My dear and accommodating friends and family always check before I visit, “Do you still eat fish?” They want to serve me food I can eat and not just side dishes, which is very kind of them. They want to make a meal everyone will enjoy, something special, and if they can’t serve me meat, they are pleased to prepare an elegant fish or shellfish entrée as the pièce de résistance. I really do appreciate these meals and how much concern and effort my friends and family show me. Yet the ungrateful side of me keeps thinking, one of these days I’m going to lie: “No, I no longer eat fish.”
People tend to feed me a lot of fish. By the time we return home from an extended trip visiting anyone, I feel like I am starting to form gills behind my ears and I’m exuding fish oil from my armpits. I am so filled up with fish and seafood that the first thing I want to tear into at home is a big bowl of anything but fish: veggies, pasta, beans, tofu, yogurt, and whole meals devoid of protein. I can go away from home for six days and consume fish and seafood more than twelve times, especially if I stop at my dad’s house and eat lox with breakfast. At home I eat fish about once or twice a week, depending on whether or not I’m at the supermarket with my husband Wayne and can steer him away from the fish department. If left to my own devices I would eat fish only at restaurants where the specialty is fish and nothing else on the menu is appealing.
The truth is, I don’t like most fish. Fresh lobster, spicy tuna rolls, and occasionally a particularly well prepared fish, scallop, or shrimp dish reminds me that I don’t want to give up food from the sea. For instance on our last trip, our friend Patrick served scallops that made me grateful I hadn’t forsaken fish. Most days, however, the real reason I still eat fish is because some restaurants don’t have anything I’m willing to eat that’s vegetarian and I can’t bear to say to people who are cooking for me, “no fish.” Some of them just wouldn’t know what to do.
Someone recently told me I was an easy-to-eat-with vegetarian. I felt warm and accepted for a moment until I realized that the only reason he said this was because he didn’t know me that well. In addition to meats and animal fats, I also cross of my mental list of possible entrees those that contain high fructose corn syrup or fake sugar, involve some kind of fake meat, are served in a creamy sauce, have an undue amount of cheese, use potato as a main ingredient, contain asparagus, or have prominent egg yolks. I am a hard-to-feed vegetarian who also happens to eat fish, and only sometimes and certain fish. That makes me a lacto-ovo-reluctantly-pesco-vegetarian.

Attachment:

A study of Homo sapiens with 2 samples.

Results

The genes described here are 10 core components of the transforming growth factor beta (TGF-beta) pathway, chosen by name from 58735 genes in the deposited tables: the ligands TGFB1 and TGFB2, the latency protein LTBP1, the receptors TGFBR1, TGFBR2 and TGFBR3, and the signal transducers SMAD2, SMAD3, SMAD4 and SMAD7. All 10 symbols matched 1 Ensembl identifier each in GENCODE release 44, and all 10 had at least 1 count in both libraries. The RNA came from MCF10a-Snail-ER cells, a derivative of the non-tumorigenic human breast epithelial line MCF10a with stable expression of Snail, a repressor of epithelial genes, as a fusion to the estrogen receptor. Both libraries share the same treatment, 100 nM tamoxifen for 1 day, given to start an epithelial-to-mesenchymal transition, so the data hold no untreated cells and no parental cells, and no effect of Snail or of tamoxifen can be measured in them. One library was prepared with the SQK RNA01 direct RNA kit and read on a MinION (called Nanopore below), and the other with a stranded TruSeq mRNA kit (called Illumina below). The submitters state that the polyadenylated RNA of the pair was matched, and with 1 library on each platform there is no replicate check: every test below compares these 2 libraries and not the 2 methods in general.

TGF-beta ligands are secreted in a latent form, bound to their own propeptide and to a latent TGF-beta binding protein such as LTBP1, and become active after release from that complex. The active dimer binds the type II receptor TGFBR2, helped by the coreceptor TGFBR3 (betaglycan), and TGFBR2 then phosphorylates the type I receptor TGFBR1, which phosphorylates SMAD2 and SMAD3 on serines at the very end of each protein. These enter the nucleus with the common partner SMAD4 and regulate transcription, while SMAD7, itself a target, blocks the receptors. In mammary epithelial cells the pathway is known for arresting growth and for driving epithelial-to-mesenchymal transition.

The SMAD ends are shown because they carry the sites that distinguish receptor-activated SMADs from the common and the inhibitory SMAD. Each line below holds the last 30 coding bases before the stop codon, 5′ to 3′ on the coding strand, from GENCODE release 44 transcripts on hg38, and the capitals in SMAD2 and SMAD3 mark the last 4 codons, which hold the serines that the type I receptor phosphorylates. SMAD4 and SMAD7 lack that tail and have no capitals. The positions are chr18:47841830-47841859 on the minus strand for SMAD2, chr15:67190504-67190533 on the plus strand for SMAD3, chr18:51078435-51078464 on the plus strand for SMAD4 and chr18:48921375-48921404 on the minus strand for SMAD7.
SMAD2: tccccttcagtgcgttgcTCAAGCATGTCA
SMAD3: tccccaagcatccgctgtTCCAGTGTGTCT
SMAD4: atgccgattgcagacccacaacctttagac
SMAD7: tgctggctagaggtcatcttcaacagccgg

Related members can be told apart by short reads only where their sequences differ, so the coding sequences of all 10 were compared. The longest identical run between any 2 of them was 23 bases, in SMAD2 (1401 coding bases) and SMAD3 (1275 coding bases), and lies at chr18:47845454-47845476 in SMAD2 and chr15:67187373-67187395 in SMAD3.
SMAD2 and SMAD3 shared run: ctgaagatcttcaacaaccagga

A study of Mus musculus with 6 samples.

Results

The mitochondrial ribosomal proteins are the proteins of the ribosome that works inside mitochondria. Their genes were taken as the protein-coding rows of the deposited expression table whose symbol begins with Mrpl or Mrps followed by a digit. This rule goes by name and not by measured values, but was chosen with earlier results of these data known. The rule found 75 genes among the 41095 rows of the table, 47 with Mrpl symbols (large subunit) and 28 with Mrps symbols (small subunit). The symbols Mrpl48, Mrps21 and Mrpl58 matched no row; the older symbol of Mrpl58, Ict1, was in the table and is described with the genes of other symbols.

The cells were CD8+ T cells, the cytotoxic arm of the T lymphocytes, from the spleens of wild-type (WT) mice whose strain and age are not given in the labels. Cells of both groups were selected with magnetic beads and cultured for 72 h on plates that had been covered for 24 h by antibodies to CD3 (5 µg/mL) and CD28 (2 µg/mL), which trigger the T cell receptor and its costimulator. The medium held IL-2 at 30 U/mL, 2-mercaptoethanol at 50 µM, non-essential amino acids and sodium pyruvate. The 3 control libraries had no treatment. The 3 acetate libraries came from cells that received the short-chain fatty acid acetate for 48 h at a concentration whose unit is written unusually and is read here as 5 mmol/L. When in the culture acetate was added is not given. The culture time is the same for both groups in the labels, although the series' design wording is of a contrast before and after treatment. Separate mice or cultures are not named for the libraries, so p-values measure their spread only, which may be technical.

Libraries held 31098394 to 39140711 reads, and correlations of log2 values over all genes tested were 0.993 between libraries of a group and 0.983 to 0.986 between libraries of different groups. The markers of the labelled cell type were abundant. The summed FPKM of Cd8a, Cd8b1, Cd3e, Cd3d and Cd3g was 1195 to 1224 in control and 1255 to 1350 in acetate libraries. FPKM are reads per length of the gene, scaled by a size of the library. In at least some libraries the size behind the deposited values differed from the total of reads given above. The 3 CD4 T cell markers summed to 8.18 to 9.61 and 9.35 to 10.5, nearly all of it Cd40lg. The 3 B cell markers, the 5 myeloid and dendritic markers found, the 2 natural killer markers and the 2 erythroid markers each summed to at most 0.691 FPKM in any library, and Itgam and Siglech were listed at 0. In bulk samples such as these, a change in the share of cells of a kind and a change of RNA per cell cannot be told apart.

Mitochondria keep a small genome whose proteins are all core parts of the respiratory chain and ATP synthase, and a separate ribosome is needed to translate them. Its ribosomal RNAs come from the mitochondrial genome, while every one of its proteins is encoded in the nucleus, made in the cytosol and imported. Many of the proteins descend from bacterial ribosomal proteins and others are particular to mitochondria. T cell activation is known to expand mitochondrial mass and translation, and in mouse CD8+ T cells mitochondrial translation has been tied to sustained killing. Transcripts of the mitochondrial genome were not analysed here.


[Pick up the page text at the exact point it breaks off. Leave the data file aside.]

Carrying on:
I also realize that my excess fish consumption is at least partly my own fault. Last week my dad visited and I went food shopping with him before preparing dinner. I was thinking of creating some sort of veggie stir-fry or bean dish. At the farmer’s market I paced up between vendors, fretting over what to make. Dad suggested that since we also had to go over to the supermarket, we should pick up some fish. I felt my face turn into a half scowl before I remembered to politely pick up the corners of my mouth and say, “I guess we could do that.” I was actually thinking, “Plech. Anything but fish.” I reminded myself that sometimes I like fish. In fact Wayne makes a grilled mahi mahi that I actually enjoy. Dad likes fish, and this dish would be tasty, healthy, and I wouldn’t hate it. Also, I wouldn’t have to expend all the energy in figuring out a vegetarian dish that doesn’t have too many beans for Wayne, too much cheese for Dad, or too much effort for me.
At the fish department, my face went into full scowl before I noticed myself turning into my petulant teenager persona, the one who twenty years ago had no compunction about repeating aloud, “but I don’t like fish.” There was no mahi mahi in the grocery store. The tuna was big brown bricks that looked like they tasted fishy and were probably full of mercury anyway. I don’t eat bivalves except for scallops and those looked a bit yellow. The various whitish filets glinted slimily at me and a fat orange piece of salmon taunted me. “Don’t say salmon,” I told my dad, reverting back into whiny teen. I can’t stand cooked salmon with its salmony flavor that everyone else inexplicably loves and how tough and endless the wad of dry flesh feels in my mouth. Smoked salmon I love, but that’s an entirely different food experience.
The lack of mahi mahi was my opportunity to say, “Dad, let’s have vegetarian something-or-other!” He probably would have been just as pleased. Only, I couldn’t think what that something-or-other might be. I didn’t want to suggest pasta which he prefers not to eat or Mexican bean burritos which he doesn’t like, and no other possibilities came to mind whatsoever. It was as if I hadn’t been eating mostly vegetarian for the past five years. I had vegetarian cooking amnesia. For most Americans, dinner, and especially a dinner that we feel is worthy of company, revolves around a meat or occasionally fish. It occurs to me that if I can’t think of another way to do it when I’m cooking for guests, no wonder most of the time my family and friends want to serve me fish. My usual solution is to avoid fish when I can, and then put on a brave face for the people who cook for me. Still, dear reader, not to be totally ungrateful, but if you are planning to invite me over to dinner, may I suggest a lovely vegetarian chili?